I got some very interesting comments to that post on happy books I wrote a couple days ago — thank you! — and they got me thinking. First of all, I realized that my own claim about not paying attention to whether books or happy or sad or something in between isn’t quite true. When I pick up a title that’s new to me I’m not all that concerned about what type of ending it has or whether the book’s mood is light or heavy. But it’s different with re-reading. I realized that one of the charms of Jane Austen novels, which are among my favorites in the whole world, is their happy endings. When I re-read them, which I do fairly regularly, one of the reasons I do it is because of the comforting quality of the happy resolutions. I suppose most of the time I feel ready for the challenge of whatever I might find — happy or sad, serious or light — in new books, but other times I want the familiar, and the familiar is usually happy.
(That said, though, even those Jane Austen novels don’t always have perfectly happy endings — isn’t Emma’s marriage to Mr. Knightley just a little odd, more like a father/daughter relationship than a husband/wife one? And Marianne’s marriage from Sense and Sensibility? Edmund and Fanny?)
A number of people suggested that my students wanted entertainment out of their reading rather than to be hit with seriousness and sadness, and I think that’s true for some of them. For some, they don’t like reading and so they were wishing the experience could fly lightly by, as though they were reading fashion magazines or something. For others, they like reading but prefer to read something that’s going to leave them with a happy buzz — that’s not really going to challenge them. One student mentioned the Chicken Soup for the Soul books once, and I worked hard at not rolling my eyes.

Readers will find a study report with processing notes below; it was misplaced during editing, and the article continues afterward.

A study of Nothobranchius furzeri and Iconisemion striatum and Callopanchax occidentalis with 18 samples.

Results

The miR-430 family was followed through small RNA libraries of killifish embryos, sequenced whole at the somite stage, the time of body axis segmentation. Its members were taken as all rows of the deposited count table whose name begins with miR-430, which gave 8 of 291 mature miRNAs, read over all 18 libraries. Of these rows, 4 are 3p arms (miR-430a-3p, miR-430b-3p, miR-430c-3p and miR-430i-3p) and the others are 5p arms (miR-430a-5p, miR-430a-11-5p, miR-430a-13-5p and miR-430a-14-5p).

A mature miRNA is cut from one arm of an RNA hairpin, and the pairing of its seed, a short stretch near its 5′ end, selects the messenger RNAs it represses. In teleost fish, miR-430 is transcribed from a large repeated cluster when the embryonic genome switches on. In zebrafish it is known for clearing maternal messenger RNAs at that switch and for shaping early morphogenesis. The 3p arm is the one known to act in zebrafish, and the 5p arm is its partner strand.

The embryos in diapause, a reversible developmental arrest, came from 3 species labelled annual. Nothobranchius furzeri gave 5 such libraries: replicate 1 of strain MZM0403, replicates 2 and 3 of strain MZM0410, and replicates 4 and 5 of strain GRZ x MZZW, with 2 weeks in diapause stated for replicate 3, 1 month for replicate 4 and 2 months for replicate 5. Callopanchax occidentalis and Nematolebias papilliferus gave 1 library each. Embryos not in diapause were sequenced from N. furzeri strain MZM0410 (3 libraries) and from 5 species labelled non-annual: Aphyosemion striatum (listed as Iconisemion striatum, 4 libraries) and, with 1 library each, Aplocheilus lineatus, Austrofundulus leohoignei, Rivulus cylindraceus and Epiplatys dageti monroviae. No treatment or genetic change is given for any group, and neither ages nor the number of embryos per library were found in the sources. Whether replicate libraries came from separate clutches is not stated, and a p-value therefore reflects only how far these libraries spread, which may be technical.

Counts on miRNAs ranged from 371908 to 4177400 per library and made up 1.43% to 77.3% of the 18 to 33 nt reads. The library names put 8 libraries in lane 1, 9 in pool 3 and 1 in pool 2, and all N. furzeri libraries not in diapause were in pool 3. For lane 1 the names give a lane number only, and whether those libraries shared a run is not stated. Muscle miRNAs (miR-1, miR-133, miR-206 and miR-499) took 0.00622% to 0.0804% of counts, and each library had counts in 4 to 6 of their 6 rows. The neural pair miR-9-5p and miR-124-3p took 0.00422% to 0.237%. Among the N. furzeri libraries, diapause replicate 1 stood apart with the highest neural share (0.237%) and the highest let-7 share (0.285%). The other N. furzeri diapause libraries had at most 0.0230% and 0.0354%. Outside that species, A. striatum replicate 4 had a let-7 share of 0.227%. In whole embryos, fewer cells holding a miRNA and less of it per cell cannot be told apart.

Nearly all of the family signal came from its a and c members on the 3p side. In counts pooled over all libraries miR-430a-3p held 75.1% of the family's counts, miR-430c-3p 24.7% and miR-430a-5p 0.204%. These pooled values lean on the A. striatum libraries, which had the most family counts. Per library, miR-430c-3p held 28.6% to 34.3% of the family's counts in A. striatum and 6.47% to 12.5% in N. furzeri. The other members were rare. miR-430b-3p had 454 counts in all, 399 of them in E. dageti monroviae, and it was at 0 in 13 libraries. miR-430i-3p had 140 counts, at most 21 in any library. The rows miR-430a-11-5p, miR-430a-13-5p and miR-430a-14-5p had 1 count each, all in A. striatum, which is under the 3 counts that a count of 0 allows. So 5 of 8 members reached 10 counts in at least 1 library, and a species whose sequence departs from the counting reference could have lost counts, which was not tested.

But others are good readers and serious students, so for them, the explanation is different. For these students, I think it’s more a matter of how they understand the world and how their view of literature fits with that understanding. Some are very aware of how harsh life can be, and they seemed not to want to be reminded of it again — they didn’t want to have to dwell on it while doing their homework and sitting in class. I can kind of understand this, but I don’t share the feeling — reading and thinking and talking about the harshness of life I find comforting because it makes me feel less alone.
I’m remember now, though, that students were more likely to make this sort of comment at the beginning of class, and by the end they seemed to like whatever it was we read a little better. I think I tried to communicate what inspires me about the stories in the hope that they would find their own sources of inspiration, and sometimes I think they did.